Washing up on the Shores of a Landlocked District
This week’s political intrigue in LD-26 began with dead whales and ended with state Sen. Joe Pennacchio being unanimously endorsed by Passaic County Republicans.
“It’s a reaffirmation of the hard work we’ve done,” Pennacchio said Thursday evening after being notified of the endorsement. “We are going to commit to them the same hard work that we’ve done.”
Pennacchio is being challenged for the district’s Republican nomination by Tom Mastrangelo, a veteran Morris County freeholder/commissioner.
“There’s no ambiguity, ” Pennacchio said of the Passaic endorsement. “Where my opponent thinks he has any type of support is strictly in his head.”
The mostly Republican district ranges over parts of Morris and Passaic counties. The four Passaic towns in the district are Bloomingdale, Pompton Lakes, Ringwood and Wanaque.
As for Mastrangelo, he has beached whales on his mind. .
He asked this week why Pennacchio hasn’t been more outspoken about dead whales washing up on New Jersey beaches.
As many Republicans are wont to do, Mastrangelo linked the dead mammals to the state’s fledgling wind energy project.
“Why haven’t we heard from Sen. Joe Pennacchio … on this very important project,” Mastrangelo asked in a release. “He’s been in the legislature for two decades and he doesn’t see that dead whales are an obvious warning sign that something is wrong.”
Mastrangelo said the GOP caucus needs more lawmakers who will fight and he pledged to do just that.
Pennacchio didn’t seem all that impressed with Mastrangelo’s shot across the bow.
The senator said Mastrangelo’s silence has been “deafening” in regard to thousands of COVID deaths in state-run veterans’ homes. Pennacchio has pushed hard for investigations into the deaths – so far to no avail.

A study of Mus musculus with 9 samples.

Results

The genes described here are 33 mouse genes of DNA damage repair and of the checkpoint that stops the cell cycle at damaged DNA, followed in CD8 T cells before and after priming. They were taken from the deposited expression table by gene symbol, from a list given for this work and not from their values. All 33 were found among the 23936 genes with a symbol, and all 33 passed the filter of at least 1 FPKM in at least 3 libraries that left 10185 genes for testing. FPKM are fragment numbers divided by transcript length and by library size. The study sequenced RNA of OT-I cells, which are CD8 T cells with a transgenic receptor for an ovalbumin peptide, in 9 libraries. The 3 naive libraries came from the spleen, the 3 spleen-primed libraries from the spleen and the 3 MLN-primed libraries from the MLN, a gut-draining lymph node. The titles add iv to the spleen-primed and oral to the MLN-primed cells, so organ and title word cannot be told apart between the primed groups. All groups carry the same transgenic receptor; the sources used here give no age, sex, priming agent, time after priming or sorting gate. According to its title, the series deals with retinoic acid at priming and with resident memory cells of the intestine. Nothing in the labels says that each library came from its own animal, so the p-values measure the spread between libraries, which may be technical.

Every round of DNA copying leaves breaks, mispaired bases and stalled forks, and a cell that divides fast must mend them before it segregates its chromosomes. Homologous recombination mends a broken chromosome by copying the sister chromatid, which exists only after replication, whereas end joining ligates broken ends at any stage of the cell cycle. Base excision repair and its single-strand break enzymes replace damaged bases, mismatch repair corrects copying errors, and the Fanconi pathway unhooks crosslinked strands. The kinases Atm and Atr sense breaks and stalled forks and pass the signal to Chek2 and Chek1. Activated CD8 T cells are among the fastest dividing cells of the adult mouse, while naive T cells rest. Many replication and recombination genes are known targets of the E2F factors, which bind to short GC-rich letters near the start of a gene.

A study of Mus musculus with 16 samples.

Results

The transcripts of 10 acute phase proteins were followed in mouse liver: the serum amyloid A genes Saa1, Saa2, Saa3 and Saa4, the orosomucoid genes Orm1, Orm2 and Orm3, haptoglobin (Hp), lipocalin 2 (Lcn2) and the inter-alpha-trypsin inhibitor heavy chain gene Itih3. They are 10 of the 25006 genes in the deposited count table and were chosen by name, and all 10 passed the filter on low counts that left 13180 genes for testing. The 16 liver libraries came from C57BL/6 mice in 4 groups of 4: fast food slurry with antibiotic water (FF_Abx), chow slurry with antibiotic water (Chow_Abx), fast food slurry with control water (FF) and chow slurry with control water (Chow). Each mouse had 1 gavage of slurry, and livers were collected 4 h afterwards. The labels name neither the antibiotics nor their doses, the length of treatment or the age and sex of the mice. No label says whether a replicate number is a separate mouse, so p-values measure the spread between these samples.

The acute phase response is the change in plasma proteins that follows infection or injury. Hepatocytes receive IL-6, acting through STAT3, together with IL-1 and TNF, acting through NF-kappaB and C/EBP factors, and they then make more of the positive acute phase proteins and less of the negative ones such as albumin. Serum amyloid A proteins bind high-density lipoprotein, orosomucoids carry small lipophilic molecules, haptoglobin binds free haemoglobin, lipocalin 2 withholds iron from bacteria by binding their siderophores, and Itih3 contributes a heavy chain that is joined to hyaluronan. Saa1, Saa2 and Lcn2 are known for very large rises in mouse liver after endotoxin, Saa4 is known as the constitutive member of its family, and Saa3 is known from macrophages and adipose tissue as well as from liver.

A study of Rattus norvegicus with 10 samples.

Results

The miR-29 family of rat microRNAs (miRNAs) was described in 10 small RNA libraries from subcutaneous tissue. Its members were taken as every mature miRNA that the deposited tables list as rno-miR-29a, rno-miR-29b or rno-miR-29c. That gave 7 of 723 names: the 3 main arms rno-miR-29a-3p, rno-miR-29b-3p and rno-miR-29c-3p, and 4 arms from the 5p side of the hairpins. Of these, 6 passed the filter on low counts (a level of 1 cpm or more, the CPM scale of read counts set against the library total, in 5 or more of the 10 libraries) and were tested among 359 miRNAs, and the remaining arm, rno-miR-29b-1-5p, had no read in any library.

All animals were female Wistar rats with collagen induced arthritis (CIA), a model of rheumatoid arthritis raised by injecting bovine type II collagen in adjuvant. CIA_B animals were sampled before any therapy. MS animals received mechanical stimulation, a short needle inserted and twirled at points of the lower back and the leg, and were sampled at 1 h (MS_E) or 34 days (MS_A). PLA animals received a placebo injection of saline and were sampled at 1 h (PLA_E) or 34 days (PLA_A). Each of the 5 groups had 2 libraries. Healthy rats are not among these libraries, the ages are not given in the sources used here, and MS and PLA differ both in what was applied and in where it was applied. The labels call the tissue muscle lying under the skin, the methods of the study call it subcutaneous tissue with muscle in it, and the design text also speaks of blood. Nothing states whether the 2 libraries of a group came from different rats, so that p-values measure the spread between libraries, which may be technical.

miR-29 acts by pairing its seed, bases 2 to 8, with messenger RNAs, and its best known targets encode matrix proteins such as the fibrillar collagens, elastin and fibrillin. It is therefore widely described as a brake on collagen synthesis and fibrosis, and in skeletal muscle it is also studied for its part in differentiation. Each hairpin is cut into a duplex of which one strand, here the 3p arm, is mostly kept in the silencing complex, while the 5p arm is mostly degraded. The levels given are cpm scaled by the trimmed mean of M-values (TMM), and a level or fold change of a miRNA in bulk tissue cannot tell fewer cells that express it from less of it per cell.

He got a bit dramatic recently, asking in a release, “Does anyone in power in Trenton give a ‘s…’ about our veterans homes?”
While this is common campaign fodder on both sides, there is a larger, simmering issue here.
The Murphy Administration strongly supports harnessing wind power as the nation transitions to clean energy. A Dutch company, Orsted, is now doing survey work and taking soil samples from the ocean floor off the south Jersey coast. The project. which is called – fittingly – Ocean Wind, has offices in Atlantic City.
Many Republicans are philosophically skeptical about moves to clean energy.
Now the skeptics have some real evidence to go with.
About 10 dead whales have washed up on New Jersey-New York beaches in the last two and a half months.
That has prompted Republicans – Mastrangelo among them – to link the dead whales to the wind project.
“With dead mammals washing up on New Jersey beaches and with a lack of financial details on the state’s offshore wind farm program, the Ocean First project should be halted until there is legislative oversight of the project,” he says.
One problem with the whale part of the equation is that there is no evidence the wind project is the reason some whales are dying, Keep in mind that no construction has begun.
Benjamin Laws, an official with the NOAA, or National Oceanic and Atmospheric Administration, has told CNN that, “There are no known connections between any of these offshore wind activities and any whale strandings.” Nor has it been proven that sonar equipment used to map the ocean floor could have fatally harmed the whales, he said.
Of course when politics is involved, facts get lost.
Mastrangelo also brought up another problem – finances.
He said the Legislature should explore whether the project is as financially viable as proposed.
Mastrangelo also noted that Goldman Sachs, where Murphy was once a senior executive, is heavily invested in Orsted.
This prompted him to ask, “Is the governor’s overwhelming enthusiasm for this project and his reluctance to acknowledge that there may be problems with the offshore wind construction influenced by his friends at Goldman?”
That may be an understandable quip in the world of politics. However, in fairness, Murphy retired from Goldman Sachs 17 years ago.